Attorney General Schneiderman announces $20 million for New York land banks On June 26, 2013, NYS Attorney General Eric T. Schneiderman announced a new competitive application process to allocate up to $20 million to New York State's eight land banks!
Brighton: Working on the edge

People make things in Brighton. Nestled in the northern tip of the West End, and bordered by Central Parkway on the east and Spring Grove Avenue on the west, Brighton’s demographics defy easy explanation. Slaughterhouses and manufacturing plants dot one stretch of the neighborhood, while experimental and fringe-friendly artists find refuge in historic warehouse spaces nearby. Bound together by a combination of cheap rent, central location and lots of space to be inspired by hard work, these disparate communities not only co-exist, they co-mingle.

Chicago's urban farm district could be the biggest in the nation

As part of Chicago's Green Healthy Neighborhoods initiative focused on the redevelopment of the city's south side, a greenbelt spotlighting urban agriculture is proposed. At the heart of the plan is the 3-mile New ERA (Englewood Re-making America) trail, replacing a former rail line, to serve as a connector between agricultural projects. Planners expect this project to increase access to healthy food and create new jobs for area residents.  

Addressing Long-Term Vacant Properties to Support Neighborhood Revitalization

Federal Reserve Board Governor Elizabeth Duke addresses the problem of vacant and abandoned properties during a recent speech at the Federal Reserve Bank of New York. She argues that in order to recover from the housing crisis, the issue of vacant properties must be at the forefront of ongoing revitalization efforts.

The former Steel Town embraces its rivers and green design

Pittsburgh's changing economy has led to new economic development and land use strategies over the past few decades. Today there is a greater emphasis on environmental protection, land remediation, and urban design in this former industrial city. Using green infrastructure, Pittsburgh has set out to improve its stormwater management systems, restore natural habitats and increase trail access, all while highlighting the three rivers that its so well known for.

Syracuse plans mass foreclosures on 3,900 tax-delinquent properties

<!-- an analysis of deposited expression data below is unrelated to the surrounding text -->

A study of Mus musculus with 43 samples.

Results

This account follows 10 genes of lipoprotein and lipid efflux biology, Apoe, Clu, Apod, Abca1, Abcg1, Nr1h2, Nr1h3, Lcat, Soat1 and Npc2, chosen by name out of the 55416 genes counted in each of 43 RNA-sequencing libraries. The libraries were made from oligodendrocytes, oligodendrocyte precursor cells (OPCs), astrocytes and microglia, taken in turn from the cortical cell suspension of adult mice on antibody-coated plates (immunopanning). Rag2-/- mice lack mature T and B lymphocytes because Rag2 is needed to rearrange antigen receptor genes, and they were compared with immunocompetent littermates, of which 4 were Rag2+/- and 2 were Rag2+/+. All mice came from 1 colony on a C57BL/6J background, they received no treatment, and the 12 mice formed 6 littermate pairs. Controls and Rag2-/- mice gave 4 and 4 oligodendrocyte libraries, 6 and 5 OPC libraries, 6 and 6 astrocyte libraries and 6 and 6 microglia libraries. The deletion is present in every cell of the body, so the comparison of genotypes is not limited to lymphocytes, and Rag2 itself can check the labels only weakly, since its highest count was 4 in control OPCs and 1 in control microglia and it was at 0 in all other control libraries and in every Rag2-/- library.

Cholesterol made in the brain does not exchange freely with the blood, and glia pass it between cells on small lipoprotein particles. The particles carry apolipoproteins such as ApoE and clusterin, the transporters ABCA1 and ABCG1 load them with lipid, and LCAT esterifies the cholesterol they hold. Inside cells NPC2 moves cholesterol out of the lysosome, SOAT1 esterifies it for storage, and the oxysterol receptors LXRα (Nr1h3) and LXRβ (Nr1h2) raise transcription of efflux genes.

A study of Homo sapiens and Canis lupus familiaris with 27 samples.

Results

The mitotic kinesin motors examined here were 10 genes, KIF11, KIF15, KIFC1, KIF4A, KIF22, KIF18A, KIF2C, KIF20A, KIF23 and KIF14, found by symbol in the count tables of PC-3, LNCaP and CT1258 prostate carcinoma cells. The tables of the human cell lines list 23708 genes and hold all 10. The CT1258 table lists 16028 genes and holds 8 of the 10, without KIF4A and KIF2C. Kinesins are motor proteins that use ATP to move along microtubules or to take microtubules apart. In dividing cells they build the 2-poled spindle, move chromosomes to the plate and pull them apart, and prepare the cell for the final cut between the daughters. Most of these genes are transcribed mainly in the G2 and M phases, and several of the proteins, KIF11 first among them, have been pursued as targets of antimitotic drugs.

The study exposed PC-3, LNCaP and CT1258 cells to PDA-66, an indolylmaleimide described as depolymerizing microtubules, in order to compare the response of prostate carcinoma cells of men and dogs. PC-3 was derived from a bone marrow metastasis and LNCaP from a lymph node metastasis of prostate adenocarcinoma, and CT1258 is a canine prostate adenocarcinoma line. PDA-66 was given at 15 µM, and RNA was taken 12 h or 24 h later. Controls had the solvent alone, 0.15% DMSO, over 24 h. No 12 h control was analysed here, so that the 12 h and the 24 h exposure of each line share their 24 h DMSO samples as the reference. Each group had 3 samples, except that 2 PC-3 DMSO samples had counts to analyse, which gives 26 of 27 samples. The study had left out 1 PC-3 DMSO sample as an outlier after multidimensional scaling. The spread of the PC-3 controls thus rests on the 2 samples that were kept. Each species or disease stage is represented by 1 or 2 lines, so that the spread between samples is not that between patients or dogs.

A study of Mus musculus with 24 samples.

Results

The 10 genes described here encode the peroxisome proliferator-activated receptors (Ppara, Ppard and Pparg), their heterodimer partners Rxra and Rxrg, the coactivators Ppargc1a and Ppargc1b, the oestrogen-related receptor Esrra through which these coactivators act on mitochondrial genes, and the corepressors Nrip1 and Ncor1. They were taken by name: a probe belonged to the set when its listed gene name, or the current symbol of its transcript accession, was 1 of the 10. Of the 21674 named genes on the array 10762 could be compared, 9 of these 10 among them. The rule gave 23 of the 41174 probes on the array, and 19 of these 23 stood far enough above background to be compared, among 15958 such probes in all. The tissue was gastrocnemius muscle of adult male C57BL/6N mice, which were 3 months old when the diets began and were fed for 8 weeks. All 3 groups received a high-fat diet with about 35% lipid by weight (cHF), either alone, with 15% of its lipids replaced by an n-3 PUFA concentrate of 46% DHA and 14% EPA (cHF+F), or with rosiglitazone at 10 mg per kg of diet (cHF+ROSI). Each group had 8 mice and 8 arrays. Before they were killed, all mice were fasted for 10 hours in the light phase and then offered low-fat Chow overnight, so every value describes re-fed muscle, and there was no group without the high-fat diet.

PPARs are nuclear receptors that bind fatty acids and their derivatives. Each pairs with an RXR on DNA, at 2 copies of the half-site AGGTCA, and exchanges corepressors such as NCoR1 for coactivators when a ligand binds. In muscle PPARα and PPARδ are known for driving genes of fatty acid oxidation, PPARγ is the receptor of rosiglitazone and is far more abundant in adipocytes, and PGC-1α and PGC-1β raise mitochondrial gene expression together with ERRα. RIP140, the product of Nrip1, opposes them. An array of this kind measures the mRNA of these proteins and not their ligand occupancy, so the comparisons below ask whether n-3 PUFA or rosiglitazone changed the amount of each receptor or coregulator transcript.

Officials in Syracuse and Onondaga County, New York plan to begin the first comprehensive effort to foreclose on tax delinquent properties in over a decade. Using powers provided by the Greater Syracuse Property Development Corporation, the newly-formed City-County land bank, properties at least two years behind in tax payments are eligible to be foreclosed upon and transferred to the land bank – this year that's approximately 3,900 properties.

Greater New Orleans Foundation Receives HUD Community Foundation AwardWe’re so proud to share the news that the Greater New Orleans Foundation (GNOF), in partnership with the City of New Orleans, the New Orleans Redevelopment Authority and the Center for Community Progress, was honored as one of 10 recipients of the HUD Secretary’s Award for Community Foundations.09/11/12
Warren mayor warns mass buyer of foreclosed properties to maintain them

By Charles E. Ramirez, The Detroit News

The Mayor of Warren, Michigan takes a proactive approach to protecting his city, welcoming a recent bulk buyer of foreclosed properties to the city but also informing him of its aggressive nuisance abatement program.  

New Orleans is no longer the most blighted city in America, report findsBy Richard Rainey, The Times - Picayune
A report released by the Greater New Orleans Community Data Center shows that the number of blighted homes and empty lots in New Orleans has decreased from 43,755 in September 2010 to 35,700, no longer making it the most blighted neighborhood in America.